This problem is linked to the timeout issues discussed in
THRIFT-347, and in fact has been exacerbated by the "fixes" applied for those tickets.
THRIFT-347 was addressed by detecting timeouts with the following expression:
if (true === $md['timed_out'] && false === $md['blocked'])
The issue here is that $md['blocked'] denotes whether a stream is a blocking (true) or non-blocking (false) stream; since all TSocket streams are blocking (they never change the default, nor should they) this always evaluates to false: The result is, TException is never thrown even for legitimate timeouts.
This doesn't cause the problem itself, but it handily hides it away by making read() block excessively when there's not enough data to fill the fread() buffer instead of erroneously throwing a TException as it did before. It's also the reason the stream_socket family of functions are reportedly ignoring timeouts. They don't, TSocket is.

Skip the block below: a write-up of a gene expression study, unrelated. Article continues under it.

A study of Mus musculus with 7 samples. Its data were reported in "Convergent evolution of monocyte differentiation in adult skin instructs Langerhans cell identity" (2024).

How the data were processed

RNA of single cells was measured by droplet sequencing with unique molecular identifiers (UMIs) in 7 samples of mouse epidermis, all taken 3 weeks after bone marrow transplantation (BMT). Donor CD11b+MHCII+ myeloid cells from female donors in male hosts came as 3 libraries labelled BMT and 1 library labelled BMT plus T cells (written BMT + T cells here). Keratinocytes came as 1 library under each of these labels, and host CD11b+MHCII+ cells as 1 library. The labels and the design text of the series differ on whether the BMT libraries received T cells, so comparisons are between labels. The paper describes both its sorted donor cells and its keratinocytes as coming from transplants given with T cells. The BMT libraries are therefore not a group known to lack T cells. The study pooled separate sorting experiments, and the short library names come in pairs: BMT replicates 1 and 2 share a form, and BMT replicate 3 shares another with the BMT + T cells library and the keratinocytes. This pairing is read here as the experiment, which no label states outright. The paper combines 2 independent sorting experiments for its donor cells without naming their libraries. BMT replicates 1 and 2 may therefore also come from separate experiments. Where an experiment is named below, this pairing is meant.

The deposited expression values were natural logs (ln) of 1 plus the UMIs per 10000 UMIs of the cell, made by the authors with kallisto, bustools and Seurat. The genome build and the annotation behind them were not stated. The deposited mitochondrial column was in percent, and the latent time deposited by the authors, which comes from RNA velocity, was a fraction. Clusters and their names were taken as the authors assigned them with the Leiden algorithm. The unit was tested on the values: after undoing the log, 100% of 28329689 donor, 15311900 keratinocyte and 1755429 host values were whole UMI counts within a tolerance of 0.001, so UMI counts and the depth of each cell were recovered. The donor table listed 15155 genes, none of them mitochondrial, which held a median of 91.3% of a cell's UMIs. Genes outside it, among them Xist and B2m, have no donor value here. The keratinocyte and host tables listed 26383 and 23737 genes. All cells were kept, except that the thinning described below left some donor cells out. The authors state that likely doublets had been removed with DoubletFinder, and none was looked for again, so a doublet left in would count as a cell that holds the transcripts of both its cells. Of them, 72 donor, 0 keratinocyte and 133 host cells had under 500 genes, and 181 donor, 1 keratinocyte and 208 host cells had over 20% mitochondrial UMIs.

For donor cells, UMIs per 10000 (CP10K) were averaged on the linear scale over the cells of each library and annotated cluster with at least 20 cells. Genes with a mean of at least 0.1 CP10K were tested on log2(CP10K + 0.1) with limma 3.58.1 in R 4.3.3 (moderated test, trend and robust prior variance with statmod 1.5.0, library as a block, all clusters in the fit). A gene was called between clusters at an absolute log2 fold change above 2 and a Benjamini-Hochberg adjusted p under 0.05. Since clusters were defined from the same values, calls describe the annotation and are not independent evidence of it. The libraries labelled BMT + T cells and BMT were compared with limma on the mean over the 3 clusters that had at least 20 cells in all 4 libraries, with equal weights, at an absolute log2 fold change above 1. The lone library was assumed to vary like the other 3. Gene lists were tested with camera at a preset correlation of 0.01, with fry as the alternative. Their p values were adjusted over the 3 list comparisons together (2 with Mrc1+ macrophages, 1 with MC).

Chris correctly points out that this issue is resolved by replacing fread() calls with stream_socket_recv() calls, however, it's not a bug in PHP (the bug report linked is invalid). fread() is buffered by design - from the php.net docs:
Reading stops as soon as one of the following conditions is met: length bytes have been read, EOF (end of file) is reached or a packet becomes available or the socket timeout occurs (for network streams)
My understanding of TSocket is that it's meant as a raw socket abstraction and that any desired buffering should be done in a wrapping TTransport (e.g. TBufferedTransport or TFramedTransport), if that's the case then we should use stream_socket_recv() for all socket reading and stream_socket_sendto() for all socket writing.